NAIROBI, Kenya -- Suspected Somali gunmen kidnapped two Spanish logistics workers from Doctors Without Borders in the world's largest refugee camp Thursday, triggering a police pursuit by land and air shortly after a spate of similar attacks on Kenya's coastal resorts.
The gunmen hijacked the workers' vehicle and shot the driver in the neck, according to Baijo Mohamed, a youth leader in the Dadaab refuge camp. Regional police chief Leo Nyongesa said he believes the attackers came from Somalia because that was the direction they fled after the attack.
The Dadaab camp lies about 50 miles from the border of Kenya's lawless neighbor.
"We are following them by the road and air. We have closed the borders. We are tracking them down," Nyongesa said.
A Doctors Without Borders statement offered few details but said the injured driver was hospitalized and stable.
"Two international staff are missing. A crisis team has been set up to deal with this incident. We cannot provide any more information for the moment," the group said.
In Spain, a Foreign Ministry official confirmed that two Spanish women who do logistics for the group were abducted. The official spoke on condition of anonymity in line with ministry rules.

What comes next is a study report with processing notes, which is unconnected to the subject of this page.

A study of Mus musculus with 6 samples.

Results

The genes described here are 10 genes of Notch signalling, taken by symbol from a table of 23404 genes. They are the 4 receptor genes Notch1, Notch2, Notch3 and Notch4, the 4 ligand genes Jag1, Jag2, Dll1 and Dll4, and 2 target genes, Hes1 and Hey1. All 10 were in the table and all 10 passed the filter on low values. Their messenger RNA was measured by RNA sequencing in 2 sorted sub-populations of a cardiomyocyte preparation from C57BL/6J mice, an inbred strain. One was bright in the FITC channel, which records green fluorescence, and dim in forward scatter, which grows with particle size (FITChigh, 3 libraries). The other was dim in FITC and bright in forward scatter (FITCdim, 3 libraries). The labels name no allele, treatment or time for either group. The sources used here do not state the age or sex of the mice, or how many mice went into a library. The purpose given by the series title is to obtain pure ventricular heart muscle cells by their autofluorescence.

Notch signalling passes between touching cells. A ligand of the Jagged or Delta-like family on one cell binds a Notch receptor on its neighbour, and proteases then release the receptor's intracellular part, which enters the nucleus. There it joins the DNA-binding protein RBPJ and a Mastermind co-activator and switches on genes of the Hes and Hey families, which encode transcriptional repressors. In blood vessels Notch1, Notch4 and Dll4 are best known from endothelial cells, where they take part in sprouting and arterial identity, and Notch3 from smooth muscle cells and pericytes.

A security official in Nairobi who spoke on condition on anonymity because he wasn't authorized to speak to the media, said that initial reports indicated two Kenyans also were abducted. He later said that report was inaccurate.
Thursday's attack follows the kidnappings of a British tourist and a French woman from Kenyan resorts near the Somali border and would appear to represent the escalation of a new tactic by Somali militants or pirates. Pirates have long sought ransoms in the millions of dollars for high-value hostages typically taken at sea.
Gunmen took the French woman from her home near the resort town of Lamu on Oct. 1. Kenyan authorities gave chase but said the militants escaped into Somalia. The government blamed the militant group al-Shabab. In early September, attackers believed to have been Somali pirates shot dead a British man and kidnapped his wife from a resort north of Lamu.
Dadaab is filled with hundreds of thousands of Somalis and would qualify as Kenya's third most populous city. Kenyan officials have won international praise for accepting so many Somalis fleeing hunger and war, but Kenyans around Dadaab have increased their complaints that the Somali population increases insecurity on Kenyan land.
Dadaab -- a sprawling camp of makeshift and semi-permanent homes -- holds more than 450,000 people. Tens of thousands of Somalis fleeing the famine in that country have flooded the camp in recent months.